Some inmates at a women's prison felt downgraded because they no longer had a single cell and had to share toilets and showers, an inspection found.
DrinkAware Crews To Help Vulnerable Clubbers In Glasgow Venues
A number of Glasgow nightclubs are to bring in specialist teams to help customers who may have had ''one drink too many''.
In what is described as a Scottish first, Best Bar None members have teamed up with charity Drinkaware to launch crews in SWG3, The Garage and The Cathouse.
The Drinkaware Crews will look out for vulnerable people who have drunk too much and help them find friends they may have lost, get rid of unwanted attention, or provide ''a shoulder to cry on if someone is emotional''.
Teams will also be able to provide first aid if required, along with bottled water and tissues.
Glasgow City Council said the staff will introduce themselves to people queuing at venues to give details of their role, and will regularly check toilets and stairwells for anyone needing assistance.
Crew members will work in pairs and liaise with club managers, security and bar staff.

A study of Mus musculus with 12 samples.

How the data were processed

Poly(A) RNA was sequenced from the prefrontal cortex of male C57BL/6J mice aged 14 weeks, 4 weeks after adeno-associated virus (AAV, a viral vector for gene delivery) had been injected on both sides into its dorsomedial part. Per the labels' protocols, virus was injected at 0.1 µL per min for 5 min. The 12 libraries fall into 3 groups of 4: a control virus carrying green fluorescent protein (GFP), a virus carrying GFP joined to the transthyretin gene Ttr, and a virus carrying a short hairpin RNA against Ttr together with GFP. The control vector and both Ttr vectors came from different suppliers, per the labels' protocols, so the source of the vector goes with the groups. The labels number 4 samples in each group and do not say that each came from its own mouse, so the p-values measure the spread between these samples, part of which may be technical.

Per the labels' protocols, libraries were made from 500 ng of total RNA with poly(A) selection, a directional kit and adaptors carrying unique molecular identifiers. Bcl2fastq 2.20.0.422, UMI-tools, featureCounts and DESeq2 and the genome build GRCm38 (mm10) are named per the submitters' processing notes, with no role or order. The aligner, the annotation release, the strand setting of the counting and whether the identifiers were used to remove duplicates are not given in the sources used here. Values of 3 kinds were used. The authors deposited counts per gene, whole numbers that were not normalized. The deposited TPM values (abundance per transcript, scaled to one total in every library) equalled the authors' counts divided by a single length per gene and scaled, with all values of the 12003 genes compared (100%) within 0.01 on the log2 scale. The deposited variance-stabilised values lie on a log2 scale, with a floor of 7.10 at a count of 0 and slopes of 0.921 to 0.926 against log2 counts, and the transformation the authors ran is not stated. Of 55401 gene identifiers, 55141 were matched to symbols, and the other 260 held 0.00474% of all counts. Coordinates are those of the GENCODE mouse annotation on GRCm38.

The pilot is to be launched at SWG3 in Eastvale Place during the busy festive period, and it is hoped more venues will join the scheme.
Jonathan Dawson, operations manager at SWG3, said: ''It is vital for me to put the welfare of our customers at the centre of our operation and I feel that the crew adds to, and augments, what we already have in place.
''It gives me an extra layer of service and safety. We want our customers to come and have a good time and, most importantly, to get home safely.''
Council leader Frank McAveety said: ''Once again Glasgow is leading the way in Scotland with new strategies to make socialising in the city safer and more enjoyable.
''Glasgow is always packed with people enjoying themselves in its array of pubs and clubs. This festive season will be exceptionally busy and the new Drinkaware Crews will complement existing safety measures over that period and going forward.''
Drinkaware Crew members will wear red tops and carry black shoulder bags with a logo reading ''the Crew''.
The charity's chief executive Elaine Hindal said: ''We are delighted to bring the first Drinkaware Crew to Scotland, and I'm particularly proud of our partnership with Best Bar None Glasgow and the police in helping make this happen.
''The trained Drinkaware Crew can bring a new dynamic to venues, which means people in vulnerable situations have someone who is there to spend as much time as is needed, to make sure they are looked after and that they can either enjoy the rest of their night or get home safely.''
One in four people over the age of 45 does not have a neighbour they can call on for a favour or help, a study shows.
Scottish retail sales increased 4.3% in December, providing a boost for businesses over the vital Christmas period.
A Holyrood committee plans to examine the feasibility of introducing a universal basic income.